Republican Lida Hayes-Calvert enters Northwest Ward race

Voters in the Northwest Ward of Winston-Salem will have solid choice between strong Democratic and Republican candidates in the general election in November.

The seat became open when Councilwoman Wanda Merschel, a Democrat, announced her retirement last month. Jeff MacIntosh, a realtor who shares a common history with Merschel of community leadership to revitalize a core neighborhood, filed early.

Today, Republican Lida Hayes-Calvert filed for the seat. Out of eight wards, only the West Ward is currently represented by a Republican council member. Of the remaining seven, the Northwest Ward is the most competitive for a Republican, with a breakdown of 31.1 percent registered Republicans, 40.6 percent Democrats and 27.9 percent unaffiliated voters.

"I'm a conservative; I want lower taxes," Hayes-Calvert said. "I want a safe community, not just the Northwest Ward but all across the city. I want us to be able to create more jobs. I've been able to create more jobs in Winston-Sale, and I know how to do it."

As the owner of S&L Painting & Decorating, Hayes-Calvert has received widespread recognition as a woman entrepreneur who built a successful business in a traditionally male-dominated industry. She comes to the race with experience as a member of the Citizens Organizational Efficiency and Review Committee, which recommended $4 million in cost savings in the city's annual budget.

Hayes-Calvert has strong institutional support in the GOP considering that her campaign chairman, Bill Miller, is a former chairman of the Forsyth County Republican Party. And as an indication of potential financial support for the campaign, the candidate has hired Todd Poole, a former staffer for US Rep. Virginia Foxx, as a consultant.

Hayes-Calvert said she decided to start her own business in the 1980s because she believed her opportunity for advancement would be more limited in the corporate world.

"It's a little different making your check rather than someone paying your check," she said. "You've got to really want it. I've been doing it since 1986. Especially at that time being a woman in construction wasn't easy. When I'd walk into the office to talk to people in the business the first thing I'd see is a calendar of naked women. That wasn't very fun. But you tell them why you're there, and you move past it. I might not be the smartest cookie on the block, but I work hard."

Hayes-Calvert said she was disappointed that the current council didn't act on more of the efficiency committee's recommendations for cost savings.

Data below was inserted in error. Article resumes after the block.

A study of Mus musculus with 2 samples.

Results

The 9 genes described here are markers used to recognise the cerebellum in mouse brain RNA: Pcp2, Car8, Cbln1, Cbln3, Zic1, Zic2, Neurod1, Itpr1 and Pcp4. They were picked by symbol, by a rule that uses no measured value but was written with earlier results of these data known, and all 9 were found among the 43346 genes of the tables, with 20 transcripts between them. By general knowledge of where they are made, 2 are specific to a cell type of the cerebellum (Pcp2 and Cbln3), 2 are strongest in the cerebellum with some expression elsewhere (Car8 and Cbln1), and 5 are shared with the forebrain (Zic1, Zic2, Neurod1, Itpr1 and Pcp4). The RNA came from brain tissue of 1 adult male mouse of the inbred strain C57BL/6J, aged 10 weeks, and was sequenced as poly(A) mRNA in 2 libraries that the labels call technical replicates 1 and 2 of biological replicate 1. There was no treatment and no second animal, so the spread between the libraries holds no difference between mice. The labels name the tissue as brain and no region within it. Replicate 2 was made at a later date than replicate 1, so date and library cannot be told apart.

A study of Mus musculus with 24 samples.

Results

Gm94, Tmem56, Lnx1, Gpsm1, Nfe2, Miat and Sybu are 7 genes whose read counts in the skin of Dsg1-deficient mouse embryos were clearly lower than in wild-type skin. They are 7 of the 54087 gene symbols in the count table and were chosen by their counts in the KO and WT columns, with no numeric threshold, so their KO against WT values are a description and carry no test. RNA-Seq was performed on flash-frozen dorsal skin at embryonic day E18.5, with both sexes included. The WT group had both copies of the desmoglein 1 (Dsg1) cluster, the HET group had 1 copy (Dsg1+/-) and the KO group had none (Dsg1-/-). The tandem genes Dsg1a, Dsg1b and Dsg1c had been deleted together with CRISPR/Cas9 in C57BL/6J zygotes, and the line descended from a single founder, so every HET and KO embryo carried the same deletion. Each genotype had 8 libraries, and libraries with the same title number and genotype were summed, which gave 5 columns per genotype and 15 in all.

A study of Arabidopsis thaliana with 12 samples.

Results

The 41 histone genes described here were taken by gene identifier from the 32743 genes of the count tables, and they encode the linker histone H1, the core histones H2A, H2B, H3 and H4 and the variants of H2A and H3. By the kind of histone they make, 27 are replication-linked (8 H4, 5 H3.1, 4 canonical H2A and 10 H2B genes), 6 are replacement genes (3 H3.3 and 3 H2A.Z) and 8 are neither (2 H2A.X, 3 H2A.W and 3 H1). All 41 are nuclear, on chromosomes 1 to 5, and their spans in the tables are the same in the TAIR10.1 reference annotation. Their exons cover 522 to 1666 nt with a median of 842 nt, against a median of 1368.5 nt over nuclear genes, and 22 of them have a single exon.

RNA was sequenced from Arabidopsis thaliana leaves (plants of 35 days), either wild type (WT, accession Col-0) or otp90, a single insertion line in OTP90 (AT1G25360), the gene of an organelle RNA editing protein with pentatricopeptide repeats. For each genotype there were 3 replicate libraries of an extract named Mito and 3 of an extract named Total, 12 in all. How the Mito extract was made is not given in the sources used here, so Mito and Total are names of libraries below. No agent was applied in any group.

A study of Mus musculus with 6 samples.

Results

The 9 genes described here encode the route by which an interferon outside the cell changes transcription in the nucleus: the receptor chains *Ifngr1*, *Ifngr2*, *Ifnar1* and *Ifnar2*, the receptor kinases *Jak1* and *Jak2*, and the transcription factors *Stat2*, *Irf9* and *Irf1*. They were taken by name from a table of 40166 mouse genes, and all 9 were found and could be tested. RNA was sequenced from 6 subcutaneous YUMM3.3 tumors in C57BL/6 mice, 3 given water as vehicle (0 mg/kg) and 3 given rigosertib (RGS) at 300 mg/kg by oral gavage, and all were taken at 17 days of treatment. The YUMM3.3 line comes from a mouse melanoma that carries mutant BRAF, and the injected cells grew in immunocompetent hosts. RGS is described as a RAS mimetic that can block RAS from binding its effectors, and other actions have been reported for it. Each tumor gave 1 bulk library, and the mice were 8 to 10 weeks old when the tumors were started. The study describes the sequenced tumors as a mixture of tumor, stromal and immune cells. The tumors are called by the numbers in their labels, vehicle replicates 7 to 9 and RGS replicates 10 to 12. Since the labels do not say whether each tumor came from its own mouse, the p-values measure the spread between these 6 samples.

"I think a lot of that — I hate to say that — is politically driven," she said. "It's not taking into consideration all of the citizens of Winston-Salem.... We've got to look at the forest, not the trees."

As an example, a recommendation that the city begin requiring doctor's notes from residents who want special backyard trash pickup didn't make it into the final budget. Winston-Salem's per capita rate of enrollment in the special program is about five time higher than most other cities across the state. The efficiency committee estimated the city could save $114,000 by requiring doctor's notes and thereby reducing abuse of the program.

"That is wasteful spending," Hayes-Calvert said. "Anybody can just call in and say, 'Hey, I want my garbage picked up in my backyard,' and the city will just say, 'Hey, okay, what's your address? No doctor's note need.'"

Like Merschel, MacIntosh is a moderate Democrat who became engaged in city politics as a neighborhood advocate. MacIntosh has volunteered with Merschel's campaigns in the past.

"I've known Wanda and her husband for awhile," MacIntosh said. "They were pioneers and early adopters in the West End, similar to me and my wife in the Holly Avenue area. We faced some of the same challenges with people converting properties to offices and multifamily housing. I can't think of any issues as it regards neighborhoods where we differ."

MacIntosh approaches neighborhood stabilization not only from the standpoint of protecting residents' quality of life but also promoting economic development to benefit the entire city.

"Preservation is important as an economic development tool," he said. "It's important from a who-we-are-and-where-we've-been standpoint, but it's also important to expanding the tax base. You can only afford so much preservation because it's cool and old."

MacIntosh also supports many of the downtown revitalization initiatives supported by Merschel during her 16 years on council.

"I'm a huge fan of the conversion of 4th Street from one way to two way," he said. "The Restaurant Row program people saw as risky, but it turned out to be a huge success."

Going forward, MacIntosh said the challenge for city council is to fill in the patchwork of uneven growth in and around downtown.

"We've got a bunch of holes in between that are unattractive to walk past," he said. "They're not generating any tax revenue. We need to entice people to reuse infrastructure that we already have. We can't just give incentives to every business that asks for it or we would run out of money. The key is figuring out how to do it strategically."